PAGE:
Two weeks ago I penned a piece on electronics retailer Best Buy (NYSE:BBY) entitled "Best Buy: Watch Out For Any Overreaction To Holiday Sales" in which I contended that the company would make for an interesting "BUY" if Mr. Market overreacted to its holiday sales report. The reason I said that was because Best Buy's stock happened to sell off on two occasions in the past two years for the exact same reason.
While there has been a reason for each sell-off in the past two years, lower holiday period revenues and a weaker margin and earnings forecast, the decline in Best Buy's stock price was excessive in both instances. Hence, I argued, the release of Best Buy's holiday results could potentially trigger yet another sell-off if the company missed Wall Street expectations.
That was quite right. On January 14, 2016, Best Buy made its holiday sales update, and results indeed missed expectations.
For the 9-week holiday period ending January 2, 2016 Best Buy reported domestic segment enterprise revenues of $10.05 billion, which was slightly lower than a year ago when the electronics retailer raked in $10.13 billion. Total enterprise revenues declined 3.6% from $11.37 billion last year to $10.96 billion this year.
Best Buy's domestic comparable store sales slumped 1.2% versus a gain of 3.4% in the year ago holiday period.
Further, Best Buy guided for "a revenue decline of near 1.5% versus our previous expectation of near flat due to softer consumer demand in mobile phones and greater-than-expected declines in the NPD-reported categories", but also said it expects a better adjusted operating income margin than previously expected. Best Buy now forecasts its operating income rate to contract 10-15 bps as compared to 20-35 bps in its earlier guidance.
Lower-than-expected holiday sales, a comp decline, and a weak revenue outlook then triggered the expected sell-off. On the day Best Buy released its holiday sales update, the stock slumped ~10%.
But Best Buy's holiday update was not all that bad. Domestic segment revenues remained almost stable while the company increased its operating margin outlook for the fourth quarter. Further, Best Buy continues to drop serious money on stock buybacks. In the nine week period ending January 2, 2016, Best Buy bought 6.6 million shares for a total consideration of $203 million.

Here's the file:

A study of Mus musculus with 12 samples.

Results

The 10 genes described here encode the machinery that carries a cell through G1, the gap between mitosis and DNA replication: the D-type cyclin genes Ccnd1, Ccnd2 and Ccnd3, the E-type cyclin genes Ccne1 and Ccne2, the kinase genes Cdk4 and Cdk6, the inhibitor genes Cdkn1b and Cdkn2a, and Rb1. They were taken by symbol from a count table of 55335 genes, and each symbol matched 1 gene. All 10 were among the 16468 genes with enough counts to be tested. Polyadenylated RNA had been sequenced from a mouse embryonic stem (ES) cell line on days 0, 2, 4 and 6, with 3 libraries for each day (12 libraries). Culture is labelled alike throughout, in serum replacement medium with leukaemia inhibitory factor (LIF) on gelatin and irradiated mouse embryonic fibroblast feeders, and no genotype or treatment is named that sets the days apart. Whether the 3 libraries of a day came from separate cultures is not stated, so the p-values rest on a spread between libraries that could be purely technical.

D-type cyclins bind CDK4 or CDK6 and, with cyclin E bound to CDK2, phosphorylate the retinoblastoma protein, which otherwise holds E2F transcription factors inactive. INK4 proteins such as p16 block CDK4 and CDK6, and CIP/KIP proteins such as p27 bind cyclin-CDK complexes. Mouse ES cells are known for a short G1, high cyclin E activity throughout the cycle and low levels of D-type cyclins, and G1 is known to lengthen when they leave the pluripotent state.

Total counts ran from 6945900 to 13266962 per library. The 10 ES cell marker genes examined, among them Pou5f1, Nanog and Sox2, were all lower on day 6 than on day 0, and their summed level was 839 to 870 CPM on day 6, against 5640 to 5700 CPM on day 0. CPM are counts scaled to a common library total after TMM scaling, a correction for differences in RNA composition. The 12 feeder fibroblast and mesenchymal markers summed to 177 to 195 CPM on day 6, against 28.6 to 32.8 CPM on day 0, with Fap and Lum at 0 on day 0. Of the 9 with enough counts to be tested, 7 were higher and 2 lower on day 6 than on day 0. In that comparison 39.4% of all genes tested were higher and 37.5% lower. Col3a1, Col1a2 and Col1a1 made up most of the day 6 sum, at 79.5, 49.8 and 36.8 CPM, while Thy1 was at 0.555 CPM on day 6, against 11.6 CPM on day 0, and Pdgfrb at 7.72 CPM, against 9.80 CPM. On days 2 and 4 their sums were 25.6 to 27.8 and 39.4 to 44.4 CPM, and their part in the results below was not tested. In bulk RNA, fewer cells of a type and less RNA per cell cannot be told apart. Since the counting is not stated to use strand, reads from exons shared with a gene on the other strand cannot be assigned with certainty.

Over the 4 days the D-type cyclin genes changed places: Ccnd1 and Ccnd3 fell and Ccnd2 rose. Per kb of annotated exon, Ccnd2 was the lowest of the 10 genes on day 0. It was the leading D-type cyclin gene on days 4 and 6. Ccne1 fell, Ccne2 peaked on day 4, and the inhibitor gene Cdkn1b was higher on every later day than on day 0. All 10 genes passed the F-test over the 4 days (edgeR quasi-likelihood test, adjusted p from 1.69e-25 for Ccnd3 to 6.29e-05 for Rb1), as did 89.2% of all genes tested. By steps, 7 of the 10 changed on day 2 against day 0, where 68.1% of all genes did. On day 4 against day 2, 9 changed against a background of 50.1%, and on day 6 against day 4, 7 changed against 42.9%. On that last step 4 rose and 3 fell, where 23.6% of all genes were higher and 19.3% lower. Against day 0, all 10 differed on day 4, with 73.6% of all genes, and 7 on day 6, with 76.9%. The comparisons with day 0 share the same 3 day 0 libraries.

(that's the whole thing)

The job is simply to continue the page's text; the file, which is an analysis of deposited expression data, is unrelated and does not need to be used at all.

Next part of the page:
Attractive capital returns
Year-to-date, Best Buy has bought back $588 million in stock.
In March of 2015 Best Buy said it would buy back $1 billion of stock over the next three years. Since the company has already exhausted more than half of its authorization, there is a good chance that the company will increase its buyback authorization once it has bought back the full $1 billion. I expect this to happen in 2016.
Further, Best Buy pays a quarterly dividend of $0.23/share for a 3.37% dividend yield. Best Buy is a nice income play, and the company will probably hike its dividend in 2016, too.
Chances are that investors are overreacting to Best Buy's holiday sales update, just like they did in the previous two years. Investors are very sensitive when it comes to comp data and sales forecasts, which is why Best Buy's stock took another beating on the day the company made its sales update. That said, though, Best Buy's margin outlook has improved and the company buys back shares aggressively in the open market. The dip in Best Buy's share price may be a good entry point for (income) investors at this point.
Disclosure: I am/we are long BBY.
I wrote this article myself, and it expresses my own opinions. I am not receiving compensation for it (other than from Seeking Alpha). I have no business relationship with any company whose stock is mentioned in this article.